Speaking in Brussels today, Hans Henkel, president of the BDI, said the international environmental management standard ISO 14001 would eclipse EMAS unless companies registered under the European scheme were rewarded by simpler regulatory procedures than non-EMAS ones.
His remarks were made at a conference organised by the German presidency of the EU to raise awareness of the revision of the 5-year old EMAS regulation, which is about to be debated by the European Parliament and Council of Ministers. Also present were EU environment commissioner Ritt Bjerregaard, whose department drew up the proposed revision, and German environment minister Jürgen Trittin, who wants to steer EU ministers to an agreement on the issue before the end of the German presidency in June.
Mr Henkel said Germany and Austria were leading the way in getting companies to sign up to the voluntary EMAS scheme since it began in 1995. Germany has 1,700 registered sites, more than any other EU country, but Mr Henkel said that this would decline unless the regulation's revision included more incentives for industry.
EMAS, he said, should be a way to reduce the "red tape" that environmental regulations cause for industry, and should be the start of a "de-bureaucratisation" of environment policy. Environment management systems offered a new, "consensual" way to ensure environmental standards were met, he claimed. "Environmental policy can no longer be carried out with the old instruments. Classic legal instruments are exhausted," he told a press conference.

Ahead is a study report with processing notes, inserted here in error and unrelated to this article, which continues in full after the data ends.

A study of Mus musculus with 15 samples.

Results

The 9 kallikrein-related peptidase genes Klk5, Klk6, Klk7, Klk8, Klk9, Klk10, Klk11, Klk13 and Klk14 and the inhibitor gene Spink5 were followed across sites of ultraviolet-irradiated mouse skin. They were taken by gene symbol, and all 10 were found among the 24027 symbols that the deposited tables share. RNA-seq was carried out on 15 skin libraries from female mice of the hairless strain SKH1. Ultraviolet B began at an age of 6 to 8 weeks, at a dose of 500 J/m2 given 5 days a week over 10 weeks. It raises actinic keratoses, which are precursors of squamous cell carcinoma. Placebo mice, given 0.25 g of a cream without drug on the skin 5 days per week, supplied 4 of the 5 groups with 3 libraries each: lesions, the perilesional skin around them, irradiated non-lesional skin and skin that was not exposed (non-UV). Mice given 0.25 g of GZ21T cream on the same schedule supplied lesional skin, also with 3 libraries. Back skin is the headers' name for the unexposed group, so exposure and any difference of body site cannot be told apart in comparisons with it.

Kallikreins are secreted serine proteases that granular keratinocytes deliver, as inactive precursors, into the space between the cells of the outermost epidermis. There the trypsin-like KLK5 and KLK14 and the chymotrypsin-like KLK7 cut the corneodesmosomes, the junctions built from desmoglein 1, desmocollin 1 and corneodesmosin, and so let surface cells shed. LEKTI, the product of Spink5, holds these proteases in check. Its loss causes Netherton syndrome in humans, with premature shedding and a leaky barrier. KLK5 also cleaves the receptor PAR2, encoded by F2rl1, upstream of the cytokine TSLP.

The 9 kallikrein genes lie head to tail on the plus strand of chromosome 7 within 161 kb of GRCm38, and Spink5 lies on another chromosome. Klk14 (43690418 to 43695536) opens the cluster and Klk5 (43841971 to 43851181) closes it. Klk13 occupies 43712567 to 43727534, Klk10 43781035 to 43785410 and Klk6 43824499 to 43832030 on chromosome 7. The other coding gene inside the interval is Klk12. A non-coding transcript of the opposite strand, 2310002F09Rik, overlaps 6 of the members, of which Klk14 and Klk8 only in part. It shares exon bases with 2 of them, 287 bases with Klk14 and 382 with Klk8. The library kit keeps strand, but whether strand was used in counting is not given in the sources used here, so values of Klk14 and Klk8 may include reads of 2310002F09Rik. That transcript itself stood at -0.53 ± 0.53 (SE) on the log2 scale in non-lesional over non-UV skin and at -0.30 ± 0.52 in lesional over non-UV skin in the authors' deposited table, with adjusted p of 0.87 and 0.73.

Mr Trittin did not commit himself on whether he would support this kind of role for EMAS. He said there were two key ways to make the system more attractive to companies: a higher degree of public recognition for EMAS along with an understanding that it goes further than ISO 14001, and proper controls to ensure the system's credibility.
Speaking for NGO coalition the European Environmental Bureau (EEB), Helmut Röscheisen hit back at the industry view, saying that EMAS verifiers could not replace the role of environmental inspectors. However, he said that some potential future EU laws, for example on environmental liability or energy taxation, might be used to replace some existing "command and control" regulations.
Ms Bjerregaard also made it clear that EMAS was never designed to replace existing legislation. She said: "EMAS is intended to be a market based instrument, which relies on peer pressure and supply chain pressure. It is not a replacement for command and control legislation."